Iam Keen: A load of BAS?
Well, I have my new BAS (body armour system). It takes two people to get me into it, but apparently, it’s all been fitted correctly by the professionals who, as I attempted to inhale, told me it would “mould” to my body, “just leave it on for the next hour”.
I took the ballistic plates out, which helped, but I reckon I’m going to have to factor in at least a 15-minute stop at a safe point to put the plates in, if needed… and a partner to help me!
I also wanted to swap the belt with my old one, but was told, in no uncertain terms, that it was not an option. Apparently, the shell, the inner and the belt have to work together. Really? I find it hard to believe that a belt that hangs off the bottom can compromise the functionality of the whole vest.
A colleague still doesn’t have a reflective vest to put over his BAS because it is on back order. The poor bugger is out in traffic with his fab new body armour and no reflective gear, which I think qualifies as a health and safety issue.
Who is responsible for trying to roll out new resources before they’re ready?
A mate who attended low-light shoot training told me that the torch fitted to the training Glocks were issued to districts 11 months ago, but they haven’t been fitted to the operational Glocks because of a squabble between PNHQ and districts over who is going to pay for the $35 battery. Wow!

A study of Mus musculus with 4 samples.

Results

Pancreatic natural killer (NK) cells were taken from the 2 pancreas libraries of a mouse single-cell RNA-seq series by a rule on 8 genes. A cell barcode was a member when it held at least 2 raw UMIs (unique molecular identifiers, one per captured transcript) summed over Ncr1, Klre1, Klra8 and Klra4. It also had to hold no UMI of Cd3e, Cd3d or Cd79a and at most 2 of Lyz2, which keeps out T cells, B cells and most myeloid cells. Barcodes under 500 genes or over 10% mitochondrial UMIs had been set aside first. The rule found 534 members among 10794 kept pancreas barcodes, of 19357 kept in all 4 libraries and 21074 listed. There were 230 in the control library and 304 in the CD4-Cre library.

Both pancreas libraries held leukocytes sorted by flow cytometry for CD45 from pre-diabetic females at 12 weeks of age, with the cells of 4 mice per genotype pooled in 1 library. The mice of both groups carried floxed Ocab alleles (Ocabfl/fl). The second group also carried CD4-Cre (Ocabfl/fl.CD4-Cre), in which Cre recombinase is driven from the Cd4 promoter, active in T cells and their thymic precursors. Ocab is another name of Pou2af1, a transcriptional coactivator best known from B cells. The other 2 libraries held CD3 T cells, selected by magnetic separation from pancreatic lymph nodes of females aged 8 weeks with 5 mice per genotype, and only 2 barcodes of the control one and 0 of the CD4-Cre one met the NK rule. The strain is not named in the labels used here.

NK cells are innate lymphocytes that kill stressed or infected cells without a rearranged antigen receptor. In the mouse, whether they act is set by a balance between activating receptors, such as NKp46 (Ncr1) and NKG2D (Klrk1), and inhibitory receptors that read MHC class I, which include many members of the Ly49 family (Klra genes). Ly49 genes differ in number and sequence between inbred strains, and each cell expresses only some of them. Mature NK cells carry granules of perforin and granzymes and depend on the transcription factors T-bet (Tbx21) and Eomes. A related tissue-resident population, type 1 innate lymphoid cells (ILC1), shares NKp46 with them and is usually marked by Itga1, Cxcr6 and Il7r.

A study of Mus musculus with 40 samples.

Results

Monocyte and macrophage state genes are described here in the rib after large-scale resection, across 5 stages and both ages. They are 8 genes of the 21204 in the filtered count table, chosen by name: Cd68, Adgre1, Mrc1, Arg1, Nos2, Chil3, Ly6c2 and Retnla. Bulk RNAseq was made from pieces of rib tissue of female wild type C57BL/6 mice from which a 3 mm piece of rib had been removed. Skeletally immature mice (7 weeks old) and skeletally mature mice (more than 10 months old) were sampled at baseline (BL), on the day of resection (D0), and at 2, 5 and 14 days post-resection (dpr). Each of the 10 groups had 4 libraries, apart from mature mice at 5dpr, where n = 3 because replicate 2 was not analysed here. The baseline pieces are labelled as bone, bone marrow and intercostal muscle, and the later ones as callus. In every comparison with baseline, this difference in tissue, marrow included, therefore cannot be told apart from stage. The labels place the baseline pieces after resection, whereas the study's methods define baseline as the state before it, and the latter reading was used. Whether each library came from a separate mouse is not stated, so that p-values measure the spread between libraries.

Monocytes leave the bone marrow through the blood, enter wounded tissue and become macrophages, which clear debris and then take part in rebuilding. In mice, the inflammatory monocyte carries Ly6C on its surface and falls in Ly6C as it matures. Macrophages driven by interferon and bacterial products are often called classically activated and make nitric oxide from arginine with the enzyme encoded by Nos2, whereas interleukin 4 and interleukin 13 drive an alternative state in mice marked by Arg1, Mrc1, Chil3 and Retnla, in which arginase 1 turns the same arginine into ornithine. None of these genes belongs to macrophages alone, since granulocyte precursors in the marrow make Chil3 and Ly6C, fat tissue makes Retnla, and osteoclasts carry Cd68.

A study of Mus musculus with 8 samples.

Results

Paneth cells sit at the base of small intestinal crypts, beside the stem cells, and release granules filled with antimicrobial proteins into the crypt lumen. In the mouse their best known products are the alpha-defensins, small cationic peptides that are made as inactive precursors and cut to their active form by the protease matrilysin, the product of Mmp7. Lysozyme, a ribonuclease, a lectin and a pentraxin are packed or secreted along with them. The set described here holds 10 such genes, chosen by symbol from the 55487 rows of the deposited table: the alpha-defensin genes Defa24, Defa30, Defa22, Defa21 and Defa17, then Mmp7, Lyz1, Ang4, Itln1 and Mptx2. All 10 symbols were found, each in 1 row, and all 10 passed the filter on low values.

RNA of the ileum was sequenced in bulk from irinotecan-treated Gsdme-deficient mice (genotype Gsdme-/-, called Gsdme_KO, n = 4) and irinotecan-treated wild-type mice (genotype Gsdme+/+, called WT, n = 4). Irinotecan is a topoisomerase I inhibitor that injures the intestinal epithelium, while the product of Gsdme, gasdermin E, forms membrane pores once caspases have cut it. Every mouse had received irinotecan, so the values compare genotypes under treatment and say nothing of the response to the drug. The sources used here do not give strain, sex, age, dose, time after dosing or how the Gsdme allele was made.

It’s interesting that the Commissioner is patting himself on the back, via a vlog, about all the “extra” kit bought for staff post-March 15. Some would argue that, in fact, we were “short” of kit in the aftermath, indicating that Police hadn’t organised sufficient equipment up until now.
The workplace survey for Police, where we had the opportunity to have our say, has come and gone. Did you have your say? Yeah, nah. I felt they only asked questions that they wanted answers to, with no opportunity for honest feedback. Surely, the organisation could use such feedback to make a better and more efficient workplace?
So let’s help ourselves out, eh? I’ve heard that the turnout at the Police Association’s annual committee meetings, held throughout the districts over the past six weeks, was pretty abysmal in some of the cities. The provinces apparently put on a better spread, which may account for better numbers there.
It’s not too late to join your local committee and make sure your workgroup has a say with the association. The local chairperson would welcome you aboard.